STANFORD, Calif--A new single-cell biological sensor system may someday allow rapid screening of cancer agents for biofunctional activity (see illustration on page 1). The test could be used, for example, to identify compounds that bind to or block receptors for biomolecules such as growth factors or other cytokines, or to highlight potentially harmful metabolites.
STANFORD, Calif--A new single-cell biological sensor system maysomeday allow rapid screening of cancer agents for biofunctionalactivity (see illustration on page 1). The test could be used,for example, to identify compounds that bind to or block receptorsfor biomolecules such as growth factors or other cytokines, orto highlight potentially harmful metabolites.
Richard N. Zare, PhD, who headed the research in the Departmentof Chemistry at Stanford University, told Oncology News Internationalthat the technique may have an "important impact in cancerresearch, depending on how well we develop a library of receptorsthat we can place on cells."
Cells with known receptors could be used as biosensors to screencompounds for the presence of the ligand that binds to that receptor,he said.
The technique uses the responses of single cells to detect individualbiomolecules separated from complex chemical mixtures by capillaryelectrophoresis. This method solves a past problem with biologicalsensors in that a cell can respond to many different biologicalcompounds. "So when a cell reacts to something in a mixture,it is difficult to identify just what the cell is responding to.Capillary electrophoresis allows us to identify the specific compoundsthat are triggering the reaction," Dr. Zare said.
The separation of a compound takes place in a fused silica capillarywith an inside diameter of 25 microns, a fraction of the sizeof a human hair. Each type of molecule moves through the liquidin the capillary at a different rate, depending on its electricalcharge, size, shape, and other factors.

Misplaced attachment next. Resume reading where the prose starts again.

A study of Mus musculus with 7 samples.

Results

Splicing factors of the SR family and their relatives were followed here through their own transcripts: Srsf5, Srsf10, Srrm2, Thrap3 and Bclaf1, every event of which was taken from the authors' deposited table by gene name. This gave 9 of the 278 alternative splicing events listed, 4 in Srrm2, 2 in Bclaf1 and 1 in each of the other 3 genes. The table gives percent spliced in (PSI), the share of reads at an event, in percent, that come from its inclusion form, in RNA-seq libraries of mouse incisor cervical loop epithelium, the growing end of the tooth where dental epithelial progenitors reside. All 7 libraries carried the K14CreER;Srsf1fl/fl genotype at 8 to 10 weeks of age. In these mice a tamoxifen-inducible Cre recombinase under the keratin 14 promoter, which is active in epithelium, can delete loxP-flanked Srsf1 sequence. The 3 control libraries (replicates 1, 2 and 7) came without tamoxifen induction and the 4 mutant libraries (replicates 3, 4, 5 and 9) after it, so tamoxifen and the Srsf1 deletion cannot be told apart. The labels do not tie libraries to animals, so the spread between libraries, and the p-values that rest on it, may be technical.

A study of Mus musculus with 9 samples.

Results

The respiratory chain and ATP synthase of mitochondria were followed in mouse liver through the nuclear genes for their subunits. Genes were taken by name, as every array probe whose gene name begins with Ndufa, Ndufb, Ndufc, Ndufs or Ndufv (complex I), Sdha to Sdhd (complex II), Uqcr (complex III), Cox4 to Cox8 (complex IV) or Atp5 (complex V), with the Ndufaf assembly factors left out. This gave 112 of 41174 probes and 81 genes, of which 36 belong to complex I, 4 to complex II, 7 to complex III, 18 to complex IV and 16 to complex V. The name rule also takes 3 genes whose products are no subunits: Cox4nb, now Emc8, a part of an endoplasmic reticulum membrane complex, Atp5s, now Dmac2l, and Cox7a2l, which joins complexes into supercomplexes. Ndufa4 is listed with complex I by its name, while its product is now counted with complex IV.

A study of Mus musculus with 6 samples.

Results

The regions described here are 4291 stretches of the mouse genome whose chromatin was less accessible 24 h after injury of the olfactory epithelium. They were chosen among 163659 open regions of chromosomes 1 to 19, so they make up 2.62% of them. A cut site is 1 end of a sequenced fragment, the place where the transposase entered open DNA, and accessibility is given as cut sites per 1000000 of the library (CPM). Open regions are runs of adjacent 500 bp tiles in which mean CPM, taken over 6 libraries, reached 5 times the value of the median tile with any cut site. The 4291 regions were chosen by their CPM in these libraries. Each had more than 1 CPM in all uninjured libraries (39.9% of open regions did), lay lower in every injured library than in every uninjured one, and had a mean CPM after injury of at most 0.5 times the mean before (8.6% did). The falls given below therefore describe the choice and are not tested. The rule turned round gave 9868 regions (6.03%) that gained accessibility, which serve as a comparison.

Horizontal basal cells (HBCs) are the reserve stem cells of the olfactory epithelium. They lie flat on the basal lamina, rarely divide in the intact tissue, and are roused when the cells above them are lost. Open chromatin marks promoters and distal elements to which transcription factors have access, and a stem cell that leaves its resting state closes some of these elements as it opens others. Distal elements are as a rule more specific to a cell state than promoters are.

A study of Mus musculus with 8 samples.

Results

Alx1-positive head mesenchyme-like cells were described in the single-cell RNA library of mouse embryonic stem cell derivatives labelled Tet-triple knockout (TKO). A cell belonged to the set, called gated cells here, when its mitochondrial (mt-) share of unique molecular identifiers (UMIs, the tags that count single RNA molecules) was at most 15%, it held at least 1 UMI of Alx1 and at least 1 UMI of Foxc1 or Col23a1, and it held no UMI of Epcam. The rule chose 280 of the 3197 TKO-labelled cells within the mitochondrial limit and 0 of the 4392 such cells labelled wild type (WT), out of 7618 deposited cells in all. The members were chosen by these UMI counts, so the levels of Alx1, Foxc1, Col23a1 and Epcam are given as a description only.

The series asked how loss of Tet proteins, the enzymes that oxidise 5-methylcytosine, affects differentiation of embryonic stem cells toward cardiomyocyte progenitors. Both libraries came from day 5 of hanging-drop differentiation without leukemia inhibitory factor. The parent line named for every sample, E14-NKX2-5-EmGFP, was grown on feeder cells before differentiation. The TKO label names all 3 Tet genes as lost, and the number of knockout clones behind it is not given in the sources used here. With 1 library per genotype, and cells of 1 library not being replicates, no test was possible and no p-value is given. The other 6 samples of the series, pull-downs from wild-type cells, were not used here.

When a separated biomolecule reaches the end of the capillary(a process that takes between 5 and 30 minutes), it is directedonto the single-cell biosensor, positioned on a microscope. Inthis way, a tiny amount of a given chemical can be delivered toan individual cell.
The new system was able to detect individual components of a mixtureof acetylcholine, bradykinin, and adenosine triphosphate witha sensitivity that ranged from a few million molecules to a fewthousand (Science 267:74-76, 1995), levels comparable to thoseachieved by the best detection techniques currently available,Dr. Zare said.
The molecules were identified through their binding to receptorson a cultured rat brain cell (PC-12 cell). Binding triggered therelease of intracellular calcium, which was detected by a fluorescentdye.
The researchers also showed that it may prove feasible to usegenetic engineering to make biosensors for use in detecting specificcompounds. Unfertilized frog eggs were microinjected with a messengerRNA that encoded a serotonin receptor. The altered eggs boundserotonin to the membrane surface, whereas unaltered ones didnot. This experiment used a technique that involved measurementof transmembrane currents rather than fluorescence.
Dr. Zare's co-workers in the study were Jason B. Shear, currentlyat Cornell, and Harvey A. Fishman, Delia Garigan, Nancy L. Allbritton,and Richard H. Scheller, all of Stanford.